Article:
CECCA News

The Committee for Ecumenical Contact with Churches Abroad (CECCA) has the privilege of representing the United Reformed Churches in North America outside of North America. The fact that the URCNA has a committee for this purpose is an indication that it considers ecumenical contact to be of utmost importance for the ongoing church-gathering work of the Lord Jesus Christ. In Lord’s Day 21 of the Heidelberg Catechism, we confess that the communion of saints means, “First, that believers one and all, as members of this community, share in Christ and in all his treasures and gifts. Second, that each member should consider it a duty to use these gifts readily and cheerfully for the service and enrichment of the other members.” Because the URCNA has appointed a Committee for Ecumenical Contact with Churches Abroad, it believes that what we confess here about the communion of saints in local congregations also applies to the communion of saints between Reformed church federations throughout the world. We hope that this report will give you an opportunity to pray for our work in a focused manner.

The Reformed Churches in New Zealand (RCNZ)

At Synod Nyack 2012, CECCA received a request for advice from the fraternal delegate of the Reformed Churches in New Zealand. This request pertained to changes that were being proposed to their Form for the Baptism of Infants, which is the same as the URCNA’s. These changes were prompted by the belief of some that the Form for the Baptism of Infants has overtones of presumptive regeneration. On behalf of CECCA, two of its members sent documents in support of the Form for the Baptism of Infants in its present form.

The Reformed Churches in the Netherlands (GKv)

The developments in the Reformed Churches in the Netherlands continue to be a cause of concern for CECCA. In our evaluation of these concerns, CECCA plans to focus on primary sources as much as possible. Formal parallels with the Christian Reformed Churches in North America (CRCNA) are a reason for us to be careful that we do not judge the GKv prematurely as being the same as the CRCNA. To that end, CECCA has committed itself to carry on its own correspondence with the BBK (the CECCA of the GKv) and to evaluate the issues independent of that done by other federations that are expressing concerns about the direction of the GKv. We covet your prayers as we undertake that task for and on behalf of the URCNA.

The Calvinist Reformed Church in Indonesia (GGRC-NTT)

Since the Canadian Reformed Churches have had correspondence with the GGRC-NTT for quite some time and have not yet entered into full ecclesiastical fellowship with this federation, CECCA decided it would be wise to delegate one of its members to join their Canadian Reformed brothers on their next visit to Indonesia. This will enable us not only to pool our resources but also allow our relationship with the GGRC-NNT to mature in a responsible manner. Rev. Ray Sikkema will be joining Rev. Andrew Pol for a visit to Indonesia in the first two weeks of August of 2013.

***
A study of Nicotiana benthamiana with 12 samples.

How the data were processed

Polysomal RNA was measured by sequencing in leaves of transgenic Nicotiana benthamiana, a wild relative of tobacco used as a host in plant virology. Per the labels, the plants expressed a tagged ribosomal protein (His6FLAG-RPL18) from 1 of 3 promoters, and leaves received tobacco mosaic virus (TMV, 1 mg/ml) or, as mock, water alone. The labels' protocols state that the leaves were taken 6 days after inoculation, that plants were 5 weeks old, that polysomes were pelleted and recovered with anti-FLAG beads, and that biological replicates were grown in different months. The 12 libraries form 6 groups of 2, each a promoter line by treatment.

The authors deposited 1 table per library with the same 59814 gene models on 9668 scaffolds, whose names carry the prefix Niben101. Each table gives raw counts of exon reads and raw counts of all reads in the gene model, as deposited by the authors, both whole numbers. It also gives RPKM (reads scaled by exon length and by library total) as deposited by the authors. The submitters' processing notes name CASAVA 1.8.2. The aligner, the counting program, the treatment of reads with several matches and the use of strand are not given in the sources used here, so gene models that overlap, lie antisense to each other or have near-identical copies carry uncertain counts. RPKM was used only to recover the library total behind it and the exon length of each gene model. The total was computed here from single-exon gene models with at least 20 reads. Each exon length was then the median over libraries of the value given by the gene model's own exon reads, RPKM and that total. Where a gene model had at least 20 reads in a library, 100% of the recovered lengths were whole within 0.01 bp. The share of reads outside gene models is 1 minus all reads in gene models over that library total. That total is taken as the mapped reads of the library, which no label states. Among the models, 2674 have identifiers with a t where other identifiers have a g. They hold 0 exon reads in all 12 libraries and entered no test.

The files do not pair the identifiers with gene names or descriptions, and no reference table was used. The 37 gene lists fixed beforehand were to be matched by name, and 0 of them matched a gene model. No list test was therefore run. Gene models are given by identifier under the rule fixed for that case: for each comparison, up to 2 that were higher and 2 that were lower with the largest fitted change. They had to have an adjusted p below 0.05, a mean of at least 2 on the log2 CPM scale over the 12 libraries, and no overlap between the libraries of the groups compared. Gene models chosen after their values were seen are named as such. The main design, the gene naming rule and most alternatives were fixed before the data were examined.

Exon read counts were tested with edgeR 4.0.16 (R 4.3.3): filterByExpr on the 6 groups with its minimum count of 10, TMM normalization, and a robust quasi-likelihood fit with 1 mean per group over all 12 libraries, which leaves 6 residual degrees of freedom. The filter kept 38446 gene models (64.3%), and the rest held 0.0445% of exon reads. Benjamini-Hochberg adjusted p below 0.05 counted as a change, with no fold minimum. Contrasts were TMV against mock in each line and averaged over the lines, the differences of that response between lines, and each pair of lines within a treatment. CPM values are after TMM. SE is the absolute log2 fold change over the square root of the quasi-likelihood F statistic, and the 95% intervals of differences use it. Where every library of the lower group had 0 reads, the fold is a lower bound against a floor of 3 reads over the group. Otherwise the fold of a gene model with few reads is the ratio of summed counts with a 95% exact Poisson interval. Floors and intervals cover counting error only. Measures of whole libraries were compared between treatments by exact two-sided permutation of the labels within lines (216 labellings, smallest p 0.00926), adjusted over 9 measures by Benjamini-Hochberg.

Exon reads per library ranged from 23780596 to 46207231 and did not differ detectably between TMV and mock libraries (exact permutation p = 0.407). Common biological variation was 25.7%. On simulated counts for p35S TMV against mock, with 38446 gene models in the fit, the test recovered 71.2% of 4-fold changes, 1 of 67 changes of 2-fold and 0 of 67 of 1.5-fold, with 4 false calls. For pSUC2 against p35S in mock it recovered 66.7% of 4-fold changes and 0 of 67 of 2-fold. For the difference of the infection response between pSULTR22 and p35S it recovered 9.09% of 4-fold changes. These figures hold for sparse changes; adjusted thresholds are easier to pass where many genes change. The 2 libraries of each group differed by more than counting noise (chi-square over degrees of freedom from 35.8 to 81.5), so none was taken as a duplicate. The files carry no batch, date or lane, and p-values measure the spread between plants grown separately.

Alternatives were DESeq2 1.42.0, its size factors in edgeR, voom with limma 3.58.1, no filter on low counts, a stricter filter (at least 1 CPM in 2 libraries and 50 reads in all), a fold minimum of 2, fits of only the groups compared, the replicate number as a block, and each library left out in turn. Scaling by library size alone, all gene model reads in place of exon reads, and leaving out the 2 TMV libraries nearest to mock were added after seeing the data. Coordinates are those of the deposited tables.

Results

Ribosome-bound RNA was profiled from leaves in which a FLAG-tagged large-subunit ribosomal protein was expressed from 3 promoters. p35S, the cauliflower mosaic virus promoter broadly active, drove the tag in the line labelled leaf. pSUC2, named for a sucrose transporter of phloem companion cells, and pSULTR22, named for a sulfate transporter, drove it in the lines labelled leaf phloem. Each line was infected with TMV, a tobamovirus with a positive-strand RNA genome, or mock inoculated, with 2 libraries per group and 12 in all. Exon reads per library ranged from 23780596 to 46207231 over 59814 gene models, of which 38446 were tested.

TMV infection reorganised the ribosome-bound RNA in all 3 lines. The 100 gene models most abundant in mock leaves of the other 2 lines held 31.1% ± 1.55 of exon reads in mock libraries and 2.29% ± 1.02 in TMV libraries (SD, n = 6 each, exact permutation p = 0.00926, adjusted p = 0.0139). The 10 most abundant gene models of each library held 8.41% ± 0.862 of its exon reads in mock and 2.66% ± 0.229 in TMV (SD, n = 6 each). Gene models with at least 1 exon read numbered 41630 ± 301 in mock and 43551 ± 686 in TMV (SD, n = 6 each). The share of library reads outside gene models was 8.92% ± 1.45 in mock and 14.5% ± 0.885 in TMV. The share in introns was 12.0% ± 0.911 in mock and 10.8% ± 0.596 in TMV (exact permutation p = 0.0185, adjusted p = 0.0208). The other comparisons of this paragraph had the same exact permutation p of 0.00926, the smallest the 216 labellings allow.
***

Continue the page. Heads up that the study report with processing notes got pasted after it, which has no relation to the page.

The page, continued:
The Free Church of Scotland Continuing (FCC)

Rev. Jason Tuinstra had the privilege of being the fraternal delegate of the URCNA at the General Assembly (GA) of the Free Church of Scotland Continuing in May of this year. The FCC is made up of six presbyteries, representing thirty-eight congregations. The FCC was formed in 2000 but sees itself as a continuation of the Free Church of Scotland. Given this, they trace their history back to the “Disruption of 1843,” when, under the leadership of Thomas Chalmers, 450 ministers left the Church of Scotland. Through the Church of Scotland, the FCC dates back to 1560 and the Reformation under John Knox. The GA ended as it began, with thanks and praise to God. While the URCNA and the FCC have different confessional backgrounds (the FCC holds to the Westminster Standards), it is clear that we share the singular, like precious faith. Our practices may differ at points ( the FCC holds to no instruments in worship and exclusive metrical psalm singing), but our similarities are clear. May the Lord greatly bless this new relationship, for His glory and the building up of His church.

The United Reformed Churches in Congo (URCC)

The relationship between the URCNA and the URCC is in the very earliest stages of development. Although we are in the Ecumenical Contact (phase one) relationship with the URCC, it has proved to be difficult to move beyond that point to date. Because of unforeseen difficulties, a planned first meeting with the URCC at its first synod (scheduled for July 23–28, 2012, in Kananga) had to be cancelled. A planned meeting in late summer of this year was also cancelled after it became clear that it would be very difficult to meet with the pastors and elders of the churches when no synod would be in session. Additionally, the URCC is looking forward to have the visiting delegates of the URCNA participate in the teaching ministry of its fledgling seminary. However, the seminary is in recess until October—well after the date a visit had been planned. It is our prayer that the Lord will bless our efforts to meet with this very needy federation of churches that longs so much for our support in the very difficult and trying circumstances wherein they find themselves every day.

Rev. Dick Moes is the pastor of the Covenant Reformed Church (URC) in Surrey, British Columbia. He is a member of the URCNA CECCA Committee.